In the late 1980s, a young con artist insinuated himself into a group of wealthy Manhattanites by claiming to be the son of actor Sidney Poitier. The incident became the subject of a prominent article in the New York Times, which in turn became the basis for a Pulitzer Prize–winning play by renowned playwright John Guare. Actor’s Express is presenting a new production of Guare’s famous 1990 work Six Degrees of Separation through February 9.
Those who have never seen the play or the movie will probably find enough to enjoy here — it’s a smartly paced, witty, often thought-provoking, often scorchingly satiric show. But those who have seen the movie or other productions may leave slightly baffled: why this, why now? The show was made into a decent and easily accessible 1993 movie that stuck closely to the spirit and script of the original play. Actor’s Express has assembled a fine cast, but Stockard Channing, Donald Sutherland, Ian McKellen and Will Smith (in one of his first movie roles) are pretty tough acts to follow.
And surprisingly, the 1990 play script does not hold up terribly well for those who saw it in its time. There’s already much about the work that seems dated. Figures from another place and time are being sent up, and they seem, in retrospect, not to have merited the skewering that’s attempted here. In the huge catalog of human foibles, the Kittredges’ faults don’t seem worthy of a piercing X-ray or grim diagnosis. Their desire not to appear racist; their interest in knowing things outside their narrow circle while desperately seeking to stay safe inside of it; and their conflation of art, business and social interaction are not particularly admirable qualities, I suppose, but they’re not outrageously detestable or even remarkably aberrant (or tragic, funny or interesting) either. Many wealthy people don’t mind if they appear racist, or have no real desire to experience anything outside their narrow circle. And while some conflate money, art and social interaction, plenty are happy to leave art out of the mix.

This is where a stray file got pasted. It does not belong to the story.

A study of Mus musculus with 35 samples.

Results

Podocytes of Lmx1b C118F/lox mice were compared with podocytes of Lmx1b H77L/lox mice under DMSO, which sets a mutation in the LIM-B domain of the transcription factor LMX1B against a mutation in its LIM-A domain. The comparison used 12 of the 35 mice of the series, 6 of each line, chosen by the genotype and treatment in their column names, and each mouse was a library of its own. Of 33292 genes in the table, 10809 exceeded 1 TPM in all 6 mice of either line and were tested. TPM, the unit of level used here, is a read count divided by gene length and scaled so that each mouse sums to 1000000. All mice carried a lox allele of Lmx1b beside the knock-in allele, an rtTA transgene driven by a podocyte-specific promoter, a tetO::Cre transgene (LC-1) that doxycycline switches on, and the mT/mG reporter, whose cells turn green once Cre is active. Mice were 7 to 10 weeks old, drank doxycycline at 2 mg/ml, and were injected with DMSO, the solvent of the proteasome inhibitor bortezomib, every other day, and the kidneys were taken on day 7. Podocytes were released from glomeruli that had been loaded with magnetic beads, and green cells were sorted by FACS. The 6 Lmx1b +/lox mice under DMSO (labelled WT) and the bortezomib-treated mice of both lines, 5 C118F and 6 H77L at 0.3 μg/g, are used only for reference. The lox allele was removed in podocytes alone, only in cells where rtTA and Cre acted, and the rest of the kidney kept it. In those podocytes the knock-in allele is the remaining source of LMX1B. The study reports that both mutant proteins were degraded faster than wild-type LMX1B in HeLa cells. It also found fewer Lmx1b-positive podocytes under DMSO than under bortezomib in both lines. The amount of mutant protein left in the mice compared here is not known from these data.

Even in late-20th-century New York, Guare’s satiric rapier seemed to be straying from more deserving targets, but the target doesn’t even seem to be in the same room as the rapier in Georgia in 2014. Guare satirized wealthy, progressive, art-loving New Yorkers — in other words, his audience. In the original production, the actors sat in the front row before the show began, a conceit that emphasized the immediacy of what was being presented. The “pot of jam” schtick, meant to provide a moment of recognition about the pretenses of wealthy Manhattanites, is dragged out too many times: it seems thoroughly exhausted by the end.
The central “six degrees” idea — every person is connected to every other person on the planet by an invisible, but surprisingly direct, line of six people — is still interesting, but perhaps less mind-blowing and revelatory now that we’re all on the internet every day and tend to deal with this in a more readily apparent way. (Facebook data analysis even purports to tell us that the number is actually significantly lower than six: 4.74 is its estimate).
Unlike the real con artist, who was obviously using his wits to get some fast cash, the character Paul’s true motives are elusive. In the play, he seldom asks for — and even seems genuinely reluctant to accept — actual money from his wealthy marks. Paul apparently longs not just to have what these white people have but to gain their acceptance, to remain among them, to be one of them, to be them, which some viewers may find a problematic stage representation of a black man: a blank, history-less cypher who is defined almost entirely by his desire to belong in a wealthy white family.